I live here in the inversion season. I feel like my family is being poisoned by the air here during inversions, and I know that industry is part of it. They're going to want to increase their production because the pipeline is there and because they can —Mike Woodruff
BOUNTIFUL — A group of Bountiful residents are concerned about Tesoro's proposed crude oil pipeline that could take the unrefined oil down one of the city's major thoroughfares.
Residents who came to Bountiful High School on Thursday for an open house about the proposed Uinta Express Pipeline had a lot to say as a 45-day public comment period gets underway.
Many were concerned that Tesoro's preferred route will come west from Summit and Morgan counties near The Church of Jesus Christ of Latter-day Saints' Bountiful Temple and continue down 400 North to the Holly Refinery in Woods Cross.
"It's 1,200 (pounds per square inch) coming by my house of crude oil," said Ken Tuttle, who told Tesoro representatives at the meeting he doesn't want the underground pipeline passing his historic home on 400 North.
"The people who are here (at the open house) listened, but the people who are here aren't making the decisions," Tuttle said. "There are other easements they can follow. There are other pipelines they can follow that are already in existence. Why can't they follow the pipelines that are already there?"
In addition to safety concerns, 400 North resident and vocal pipeline opponent Crystal Burnham said the idea of tearing up the major street is unacceptable.
"If they've got it torn up it will block me coming and going from my house," Burnham said. "They gave the impression this (meeting) would be an area to come voice our opinion, and then when we get here, it's just a promotion for them."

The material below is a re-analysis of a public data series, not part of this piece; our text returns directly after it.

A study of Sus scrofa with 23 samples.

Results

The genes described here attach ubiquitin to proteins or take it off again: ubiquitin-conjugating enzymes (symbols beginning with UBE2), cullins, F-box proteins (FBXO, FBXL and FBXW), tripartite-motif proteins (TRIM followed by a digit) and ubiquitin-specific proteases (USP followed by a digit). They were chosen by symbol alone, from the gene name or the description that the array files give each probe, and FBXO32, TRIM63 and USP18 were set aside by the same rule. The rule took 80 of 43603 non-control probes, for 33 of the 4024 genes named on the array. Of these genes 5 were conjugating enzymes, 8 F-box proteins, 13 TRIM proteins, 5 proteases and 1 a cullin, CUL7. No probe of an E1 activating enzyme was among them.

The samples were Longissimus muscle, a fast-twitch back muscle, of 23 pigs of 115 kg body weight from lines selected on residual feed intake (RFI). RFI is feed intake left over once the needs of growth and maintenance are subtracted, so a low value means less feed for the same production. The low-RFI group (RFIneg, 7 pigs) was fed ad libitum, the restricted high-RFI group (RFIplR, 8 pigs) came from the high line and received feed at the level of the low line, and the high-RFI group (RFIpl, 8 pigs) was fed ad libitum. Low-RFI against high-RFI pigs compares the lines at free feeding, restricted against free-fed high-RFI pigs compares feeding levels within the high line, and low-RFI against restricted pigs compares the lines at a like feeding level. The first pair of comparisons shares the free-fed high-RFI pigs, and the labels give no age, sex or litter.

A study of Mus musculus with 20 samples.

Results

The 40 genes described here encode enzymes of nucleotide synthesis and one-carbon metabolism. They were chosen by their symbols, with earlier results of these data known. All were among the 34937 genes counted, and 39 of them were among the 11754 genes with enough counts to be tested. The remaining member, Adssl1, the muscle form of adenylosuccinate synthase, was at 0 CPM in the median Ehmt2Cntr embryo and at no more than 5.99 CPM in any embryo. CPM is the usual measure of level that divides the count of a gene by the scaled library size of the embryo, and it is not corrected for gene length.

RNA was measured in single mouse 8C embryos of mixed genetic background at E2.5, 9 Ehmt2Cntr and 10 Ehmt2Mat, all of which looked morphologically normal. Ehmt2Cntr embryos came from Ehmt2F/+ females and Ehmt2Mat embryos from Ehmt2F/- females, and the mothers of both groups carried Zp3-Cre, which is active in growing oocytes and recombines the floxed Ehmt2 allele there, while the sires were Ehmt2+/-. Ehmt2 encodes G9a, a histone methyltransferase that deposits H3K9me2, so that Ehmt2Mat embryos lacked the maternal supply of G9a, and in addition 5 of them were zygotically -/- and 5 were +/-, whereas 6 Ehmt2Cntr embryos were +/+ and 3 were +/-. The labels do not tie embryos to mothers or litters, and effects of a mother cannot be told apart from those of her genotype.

The 12-inch pipeline could carry up to 60,000 gallons of waxy crude oil per day from multiple companies in the Uinta Basin to Salt Lake area refineries, taking the equivalent of 250 trucks off U.S. 40 and I-80, according to Michael Gebhardt, Tesoro vice president of business development.
The company is aiming to have the potentially 135-mile pipeline operational by the end of 2016.
"As we map this out, a few things we're looking at and criteria for the route, we're looking to minimize impact to communities and sensitive areas. We're definitely looking to maximize existing rights-of-way and to find utility corridors, and safety is always a first consideration," Gebhardt said. "We feel like it's a safe and more efficient way to transport crude oil from Uinta Basin to Salt Lake City."
Tesoro representatives hope meetings like Thursday's open house will answer questions and solicit community feedback as the proposal moves through these early, exploratory stages, Gebhardt said.
Because routes cross 15 acres of U.S. Forest Service land, the project requires an environmental impact study and must comply with the National Environmental Policy Act.
Kenwyn Derby and Mike Woodruff, who live near Bountiful High, said they are especially concerned about the pipeline's environmental impact, whether it's cutting off their family's favorite trails during construction or consequences for air quality if area refineries ratchet up their production.
"I live here in the inversion season. I feel like my family is being poisoned by the air here during inversions, and I know that industry is part of it," Woodruff said. "They're going to want to increase their production because the pipeline is there and because they can."
Instructions for submitting public comment and more information about the pipeline proposal can be found at www.uintaexpresspipeline.com. The comment period closes March 17.